Why Many Believed Benjamin Franklin Was Actually A British Spy

Benjamin Franklin is associated with many titles — inventor, Founding Father, writer, printer, postmaster, and publisher. But, what about British spy?

Whispers of the possibility circulated before the American Revolution. After all, Franklin had supported King George III, and he reluctantly joined the Founding Fathers' stance to advocate for a separation from Britain, according to History. Franklin, who had lived in London for many years, initially wanted to see the empire preserved. He remained the head of the American postal system — a royal-appointed position — and hoped to become the first Pennsylvania governor under the same system. He wrote about his more centrist viewpoint, cautioning his more radical contemporaries that, "every mistake in government, every encroachment on rights is not worth a rebellion" (via Ranker). 

He also called the Boston Tea Party — a political protest against "taxation without representation" on December 16, 1773, that destroyed imported tea (via History.com) — an "act of violent injustice on our part" in a letter to Founding Fathers Samuel Adams and John Hancock, among others. Franklin even went so far as to state that the East India Company should be paid for its losses since the business was not an adversary and the "offensive measure of sending their teas did not take its rise with them, but was an expedient of the ministry to serve them and yet avoid a repeal of the old act" (via Franklin Papers). 

A war between father and son

By the time Benjamin Franklin participated in the Second Continental Congress in 1775, his perspective changed. At first, though, he kept his opinions about independence to himself. Other delegates debated the topic during sessions, committee meetings, and even in taverns during the evening. His silence mystified John Adams, who wondered why Franklin was so revered if he just continued "sitting in silence, a great part of the time fast asleep in his chair." Other, younger delegates, who knew he had addressed Parliament against the Stamp Act, began to think that the silence might mean something else — he still held an allegiance to Britain (via Smithsonian Magazine).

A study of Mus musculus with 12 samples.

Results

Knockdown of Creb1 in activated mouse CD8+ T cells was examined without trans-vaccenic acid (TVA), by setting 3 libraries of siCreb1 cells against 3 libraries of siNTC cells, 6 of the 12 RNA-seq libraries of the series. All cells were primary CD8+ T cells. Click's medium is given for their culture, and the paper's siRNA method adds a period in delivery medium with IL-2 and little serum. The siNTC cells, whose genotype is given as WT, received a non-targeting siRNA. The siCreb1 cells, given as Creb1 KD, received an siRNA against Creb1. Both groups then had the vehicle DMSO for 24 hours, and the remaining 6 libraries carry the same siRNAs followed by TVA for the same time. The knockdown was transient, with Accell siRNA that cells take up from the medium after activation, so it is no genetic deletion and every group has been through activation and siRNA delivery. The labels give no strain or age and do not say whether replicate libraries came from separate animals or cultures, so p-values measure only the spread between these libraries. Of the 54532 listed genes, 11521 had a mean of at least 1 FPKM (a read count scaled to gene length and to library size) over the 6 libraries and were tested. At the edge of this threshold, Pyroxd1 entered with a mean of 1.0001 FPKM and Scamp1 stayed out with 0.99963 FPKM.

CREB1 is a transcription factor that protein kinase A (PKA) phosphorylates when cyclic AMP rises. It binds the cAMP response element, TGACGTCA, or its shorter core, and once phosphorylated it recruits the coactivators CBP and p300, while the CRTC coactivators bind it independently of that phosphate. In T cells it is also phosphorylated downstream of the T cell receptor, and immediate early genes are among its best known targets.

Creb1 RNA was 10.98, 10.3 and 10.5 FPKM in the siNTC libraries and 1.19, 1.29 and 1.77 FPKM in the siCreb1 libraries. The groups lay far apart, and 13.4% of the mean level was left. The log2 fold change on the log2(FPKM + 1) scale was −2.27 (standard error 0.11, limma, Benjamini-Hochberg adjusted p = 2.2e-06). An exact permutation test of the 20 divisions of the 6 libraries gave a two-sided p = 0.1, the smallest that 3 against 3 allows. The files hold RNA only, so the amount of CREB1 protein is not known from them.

One of the reasons Franklin stayed quiet, even after the battles in Lexington and Concord, was family. His son William Franklin, an ardent loyalist who was a royally appointed New Jersey governor, argued with his father about America breaking away from England. Franklin looked at William as a confidante and hoped to win him over. But William remained obstinate when the two met during the summer of 1775 and told Franklin that he would "set the colonies in flame" if he pursued support of the revolution. Shortly after, Franklin would publicly proclaim his support for the cause. The two never reconciled. William spent two years in a colonial prison and then fought alongside the British until the battle of Yorktown and then traveled to London. His father disinherited him, and William never returned to America (via Ranker).

Agent 72 - a Franklin alias?

Once Benjamin Franklin supported the revolution, much of the spy gossip ceased, but some historians still wonder if the talk contained some truth. After all, espionage was common during the Revolutionary War, with both the American and English sides yearning for top secret intel on troop movement, battle strategy, and other tidbits. Franklin's own son, William, even gave the British details about his father's actions (per PBS). A colleague of Franklin's, Edward Bancroft, the American delegation secretary, also offered information about the American activities, including discussions and meetings, to Great Britain. Additionally, Franklin participated in the Committee of Secret Correspondence in 1775, a creation of the Second Continental Congress and a precursor to the CIA.

Some also believe Franklin served as "Agent No. 72" for the British Secret Service, and that he worked with Bancroft as a double agent, feeding him secrets about the Americans and their plans (per Argosy Magazine). But evidence for this is not conclusive. 

After hearing Bancroft was a spy, Franklin did once say, "If I was sure, therefore, that my valet de Place (Bancroft) was a spy, as probably he is, I think I should not discharge him for that, if in other respects I liked him," according to HistoryNet. Of course, that statement doesn't prove Franklin's status as a spy, perhaps he was just giving Bancroft fake information or using him to gain details for the revolution? We may never know.